FA CUP, FIFTH ROUND
Coventry City 0
West Bromwich Albion 5
Four goals in 20 second-half minutes from a clinical West Bromwich Albion were enough to humiliate beleaguered Coventry City and dump them out of the FA Cup — but it was the manner in which the Sky Blues contributed to their own downfall that left a record Ricoh Arena attendance so crestfallen.
Two moments of madness were at the root cause: The first appeared to come from Michael Doyle, who was sent off three minutes after the break for stamping on Zoltan Gera, but replays suggest referee Mark Halsey was too harsh a judge.
There was no mistaking the idiocy and lack of judgment of the second crazy occasion, which came from goalkeeper Andy Marshall.
After receiving a back-pass from Marcus Hall, his nonchalant and unnecessarily risky return ball to the defender — rather than the mandatory hoof upfield — was miscued into the path of Roman Bednar who slotted past the hapless keeper for his 14th - and easiest - goal of the season.
Having lost the cheapest of goals and their captain — the fourth player in as many games to be sent off in this fixture in the past two seasons — the Sky Blues lost the energy, bite and leadership that had allowed them to look every bit the equal of Albion for the most part of the first half, albeit losing out 1-0.
It was not that Doyle was having a particularly good game but his boundless energy, work rate and constant cajoling were bringing much better out of the players around him.
Once he left, the Coventry cause fell apart and the team started to resemble one severely hampered by the uncertainty plaguing their boardroom.
From Albion’s perspective, the game could not have gone better.
They went ahead early, after some incessant pressure from the Baggies had yielded a Chris Brunt headed goal on 12 minutes.
The profligacy in front of goal that blighted their attempts to secure three Coca-Cola Championship points against Sheffield United at The Hawthorns on Tuesday was eradicated and Brunt’s strike, a brace for Bednar, and goals for Ishmael Miller and Gera completed the rout.
And the recent improvement of Albion’s defending, particularly from set-pieces, coincides with the return to the side of Leon Barnett.
Albion have not conceded a goal for 225 minutes since the young centre-back was introduced at half-time in the 2-1 loss at Barnsley. Perhaps it is not coincidence at all.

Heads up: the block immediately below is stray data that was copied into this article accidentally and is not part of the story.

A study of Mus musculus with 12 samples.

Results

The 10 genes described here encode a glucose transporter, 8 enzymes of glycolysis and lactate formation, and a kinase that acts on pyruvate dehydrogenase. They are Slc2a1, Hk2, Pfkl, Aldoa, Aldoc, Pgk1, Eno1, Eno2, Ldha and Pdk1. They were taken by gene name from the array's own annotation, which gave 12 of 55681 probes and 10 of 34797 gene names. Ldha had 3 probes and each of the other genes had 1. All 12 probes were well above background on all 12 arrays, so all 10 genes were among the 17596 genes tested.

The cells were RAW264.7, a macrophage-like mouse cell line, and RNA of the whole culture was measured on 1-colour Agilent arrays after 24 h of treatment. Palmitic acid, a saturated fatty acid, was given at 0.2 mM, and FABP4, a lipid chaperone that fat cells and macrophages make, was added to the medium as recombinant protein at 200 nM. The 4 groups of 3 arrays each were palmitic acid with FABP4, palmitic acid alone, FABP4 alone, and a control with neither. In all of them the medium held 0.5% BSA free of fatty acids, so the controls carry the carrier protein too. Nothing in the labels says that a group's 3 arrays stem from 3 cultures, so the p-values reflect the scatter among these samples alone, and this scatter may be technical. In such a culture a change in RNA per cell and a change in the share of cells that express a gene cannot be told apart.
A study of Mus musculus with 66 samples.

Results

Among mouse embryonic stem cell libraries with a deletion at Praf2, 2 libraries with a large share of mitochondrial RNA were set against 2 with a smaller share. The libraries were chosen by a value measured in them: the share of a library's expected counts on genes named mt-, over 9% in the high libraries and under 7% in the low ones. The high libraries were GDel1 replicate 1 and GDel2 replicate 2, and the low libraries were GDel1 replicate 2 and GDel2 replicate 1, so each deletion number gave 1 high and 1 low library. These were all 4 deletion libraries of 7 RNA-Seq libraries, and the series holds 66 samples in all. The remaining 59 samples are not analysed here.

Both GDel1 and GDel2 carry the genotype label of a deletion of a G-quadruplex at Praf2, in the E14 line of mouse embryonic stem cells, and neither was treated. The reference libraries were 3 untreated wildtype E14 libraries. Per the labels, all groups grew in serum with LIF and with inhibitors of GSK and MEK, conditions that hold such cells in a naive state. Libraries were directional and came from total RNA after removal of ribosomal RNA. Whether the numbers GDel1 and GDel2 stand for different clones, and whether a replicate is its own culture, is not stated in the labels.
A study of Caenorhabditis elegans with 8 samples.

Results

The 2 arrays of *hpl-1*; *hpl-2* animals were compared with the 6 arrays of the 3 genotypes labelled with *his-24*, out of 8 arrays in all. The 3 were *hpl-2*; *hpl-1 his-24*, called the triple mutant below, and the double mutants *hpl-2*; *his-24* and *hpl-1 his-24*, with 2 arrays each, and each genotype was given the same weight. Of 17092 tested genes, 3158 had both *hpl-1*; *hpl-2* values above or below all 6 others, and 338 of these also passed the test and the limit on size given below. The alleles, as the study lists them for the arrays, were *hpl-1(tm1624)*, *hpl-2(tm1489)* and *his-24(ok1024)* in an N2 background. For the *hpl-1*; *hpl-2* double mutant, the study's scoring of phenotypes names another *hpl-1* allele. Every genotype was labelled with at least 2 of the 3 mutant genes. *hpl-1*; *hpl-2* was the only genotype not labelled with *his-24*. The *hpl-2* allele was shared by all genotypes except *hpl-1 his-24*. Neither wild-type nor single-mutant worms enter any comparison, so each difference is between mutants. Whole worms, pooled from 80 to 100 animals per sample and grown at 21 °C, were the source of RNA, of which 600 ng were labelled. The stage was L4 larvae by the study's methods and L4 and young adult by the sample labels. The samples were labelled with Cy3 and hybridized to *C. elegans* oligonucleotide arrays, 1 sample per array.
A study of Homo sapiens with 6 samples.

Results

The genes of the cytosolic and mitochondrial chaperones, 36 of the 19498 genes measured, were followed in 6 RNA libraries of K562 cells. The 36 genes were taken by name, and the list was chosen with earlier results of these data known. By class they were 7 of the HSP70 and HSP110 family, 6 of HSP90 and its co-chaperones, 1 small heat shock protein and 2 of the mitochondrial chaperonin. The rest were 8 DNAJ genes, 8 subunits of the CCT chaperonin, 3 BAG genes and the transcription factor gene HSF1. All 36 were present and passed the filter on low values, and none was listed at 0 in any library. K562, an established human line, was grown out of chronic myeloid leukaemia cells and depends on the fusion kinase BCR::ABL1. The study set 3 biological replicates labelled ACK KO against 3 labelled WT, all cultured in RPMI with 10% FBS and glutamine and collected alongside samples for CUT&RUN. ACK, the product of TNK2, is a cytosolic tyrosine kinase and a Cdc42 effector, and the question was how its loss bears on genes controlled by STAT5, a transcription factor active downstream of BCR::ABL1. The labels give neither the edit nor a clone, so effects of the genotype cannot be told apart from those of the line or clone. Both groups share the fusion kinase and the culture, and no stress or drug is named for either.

The young defender was a rock again on Saturday and in a physical game, Leon Best had more of a challenge on his hands than many of his team-mates.
Only the diminutive Michael Mifsud tested Albion on the floor; the Maltese international, who will surely leave the Sky Blues in the summer, offered glimpses of creativity with the odd neat turn, flick or trick without ever actually threatening Dean Kiely’s goal.
In contrast, Albion were much more cutting, especially in the opening exchanges which helped signal to the 28,163 people inside the Ricoh that the visitors were just as fired up for the cup tie.
Brunt’s early crossing from the left had been impressive but it was the threatening provider who turned poacher after Bednar had ghosted in behind the Coventry back four from a throw-in.
His cross from the by-line was met by the Northern Irishman, who ran in from deep to power past Marshall for his second goal of the season.
Coventry rallied, relying more on graft than craft to compete, but they did muster efforts from Best and Doyle which offered encouragement.
However, it could have been two before the break after Brunt’s in-swinging free-kick was headed against the bar by Coventry’s Michael Hughes.
That would have been harsh on City, whose unapologetically direct approach had caused the Baggies some difficulty.
But their resurgence faltered terribly after the break. With the home side down to ten men and after Marshall’s abomination on the hour, a rout seemed a possibility: Coventry were playing for their pride, the Baggies were playing to get on the scoresheet.
Bednar won a penalty off Arjan de Zeeuw when he flicked the ball inside him and the defender handled.
Despite attempts from his team-mates to prise the ball from him, the Czech striker held firm to despatch the spot-kick past Marshall.
He was then substituted for the last 20 minutes by Miller, who scored immediately.
A routine clearance from Carl Hoefkens was made to look like one of Ronaldinho’s better through balls when it sliced the Coventry back four open with alarming ease and the striker scored with a neat left-foot finish.
Gera, who had earlier been screaming and writhing in agony after the tackle that got Doyle sent off, recovered to beat Jay Tabb, then Hall and then Marshall with some neat work to cap off a fine day.
The result reflects how disparate these sides’ hopes are from now until the end of the season.
While Albion chase the Premier League and embark on a potentially riveting FA Cup run, Coventry will try to stave off the threat of League One.
Many of those who had not left the Ricoh by the final whistle stood to sing: "There’s only one Iain Dowie".
The Sky Blues desperately need someone to lift their spirits — and very soon.
Scorers: Brunt (12), Bednar (59, pen, 69), Miller (76), Gera (78).
COVENTRY CITY (4-4-2): Marshall, de Zeeuw (Birchill, 75), Hall, Ward, Osbourne; Tabb, Doyle, Simpson (Thornton, 75), Hughes; Best, Mifsud. Subs: Konstabtopoulos, Birchill, Gray, Borrowdale, Thornton.
WEST BROMWICH ALBION (4-5-1): Kiely; Hoefkens, Barnett, Albrechtsen, Robinson; Brunt, Pele, Morrison, Gera (Beattie, 78), Teixeira (Do-Hoen, 73); Bednar (Miller, 70). Subs: Danek, Beattie, Do-Hoen, Miller, Phillips.
Referee: Mark Halsey (Lancashire).
Booking: Albion — Barnett (foul).
Sending-off: Coventry — Doyle (serious foul play).
Albion man of the match: Leon Barnett — huge physical presence at the back set the right tone and example for Albion.